Wednesday, November 23, 2016

'Moana' Isn't Your Standard Disney Princess Movie, And That's A Good Thing

This review originally appeared on

Towards the middle of Moana, Disney's latest non-Pixar animated release, the demi-god Maui calls the heroine "princess." Moana corrects him, telling him she's not a princess, she's the daughter of the chief.

"You're wearing a dress and you have an animal sidekick. You're a princess," replies Maui.

He has a point.

Granted, the dress she wears doesn't sparkle in any way, and her animal sidekick is a mentally challenged chicken that doesn't talk, but in many ways she does resemble a Disney princess: she's beautiful, with long flowing hair; she's rebellious; and while she may not be "royalty," she's heir to the top position in her village. (Some say chief, others say princess.)

So, yes. Disney could be accused of creating just another Disney princess. But it's Moana's differences from those previous princesses that are key.

For one, she's not white. Yes, Disney has given us Princesses of Color in the past, but let's face it, the majority of them have been alt-right approved. (Not to mention that the most popular animated Disney movie of all time, Frozen, was so white, I'm surprised you could even see the princesses against all that snow.)

For another, there is no love interest. There's no prince destined for Moana's hand, and while she does spend the majority of the movie with a beefy demi-god, their relationship is strictly platonic. Her reward is a successful quest, not a happily-wedded-after.

Moana is steeped in cultural folklore, mainly from the South Pacific islands, and is set during the time when those Polynesian natives were the explorers and settlers, long before the west arrived. The movie opens with a grandmother telling a group of children about Maui, the demi-god who created the islands, in a nice bit of animation that resembles Polynesian tattoos. (Maui's animated tattoos become a running gag later on in the movie as well.)

Moana (Auli'i Cravalho, a Hawaiian native making her screen debut) lives on the island of Motunui, where ever since she was a (really, really cute) baby, she's been drawn to the sea. Her father, Chief Tui Waialiki (Temuera Morrison), is convinced any attempts to venture past the island's reef will be met with doom.

But as their island begins to lose its fish and its crops, Moana believes their only hope is to leave the island, and, following the lead of her grandmother's stories, find Maui and force him to return the stolen heart of Te Fiti. It makes a little more sense in the movie, though really, it's just a story device to get Moana and Maui together.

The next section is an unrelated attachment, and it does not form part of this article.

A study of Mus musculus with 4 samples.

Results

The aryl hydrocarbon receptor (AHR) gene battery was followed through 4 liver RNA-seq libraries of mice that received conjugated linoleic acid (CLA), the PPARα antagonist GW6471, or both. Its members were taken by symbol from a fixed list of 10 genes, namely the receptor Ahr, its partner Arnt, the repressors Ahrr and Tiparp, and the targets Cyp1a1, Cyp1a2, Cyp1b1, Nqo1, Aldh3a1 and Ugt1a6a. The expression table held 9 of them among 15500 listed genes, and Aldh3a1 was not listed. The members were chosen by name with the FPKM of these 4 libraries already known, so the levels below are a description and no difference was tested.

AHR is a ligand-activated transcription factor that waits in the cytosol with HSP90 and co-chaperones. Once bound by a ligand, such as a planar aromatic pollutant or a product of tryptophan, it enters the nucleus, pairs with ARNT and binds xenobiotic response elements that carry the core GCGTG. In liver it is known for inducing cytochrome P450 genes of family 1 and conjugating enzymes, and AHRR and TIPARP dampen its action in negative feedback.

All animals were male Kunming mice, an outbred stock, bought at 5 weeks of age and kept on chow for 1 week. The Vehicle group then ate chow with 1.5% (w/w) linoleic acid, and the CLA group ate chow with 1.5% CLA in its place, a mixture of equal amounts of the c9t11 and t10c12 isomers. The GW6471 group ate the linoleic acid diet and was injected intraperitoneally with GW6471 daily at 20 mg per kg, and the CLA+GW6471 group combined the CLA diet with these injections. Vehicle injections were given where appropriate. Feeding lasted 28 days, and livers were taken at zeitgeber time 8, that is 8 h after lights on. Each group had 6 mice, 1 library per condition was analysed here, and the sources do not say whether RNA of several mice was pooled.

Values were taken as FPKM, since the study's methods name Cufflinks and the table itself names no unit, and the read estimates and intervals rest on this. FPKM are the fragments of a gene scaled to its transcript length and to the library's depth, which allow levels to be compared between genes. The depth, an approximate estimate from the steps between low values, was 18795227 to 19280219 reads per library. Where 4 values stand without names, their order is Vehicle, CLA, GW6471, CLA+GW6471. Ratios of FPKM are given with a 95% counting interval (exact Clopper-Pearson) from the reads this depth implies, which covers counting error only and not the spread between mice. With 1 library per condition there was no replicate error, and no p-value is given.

And once they are together, the film hits its stride. The Rock gives Maui just the right amount of bravado —: he's a jerk, but a lovable one. Because this is not a Pixar movie, it means the movie breaks for songs, and even Maui gets one, the amusing and pretty catchy You're Welcome, which, along with the rest of the film's songs, has lyrics written by Hamilton creator Lin-Manuel Miranda.

Of course, Moana gets a ballad as well (How Far I'll Go), but I'm not sure it's going to become a song parents learn to hate as much as Let It Go, mainly because I don't think it's going to be as big of a hit, regardless of the presence of that word "go" in there. (A better song comes care of Jemaine Clement, who makes an appearance as a Bowie-esque giant crab in love with Shiny things.)

The majority of the movie follows Moana and Maui on their ocean voyage, as Moana learns to become an ocean navigator, on the way to saving the world. And refreshingly, once Maui gets past the princess jokes, he learns to treat her as an equal, and not as a helpless maiden.

In fact, there's not a lot that's girly about Moana. On every step of her journey, her gender is never an impediment, and is rarely brought into play. Now, I don't know if that's because the movie was written by eight people, only one of whom is a woman, or because it was directed by four dudes, or if it was actually by conscious design. And it doesn't really matter. By giving us a heroine that acts the way heroes always have, perhaps Disney has finally given us a "princess" movie that can cross that mythical gender divide.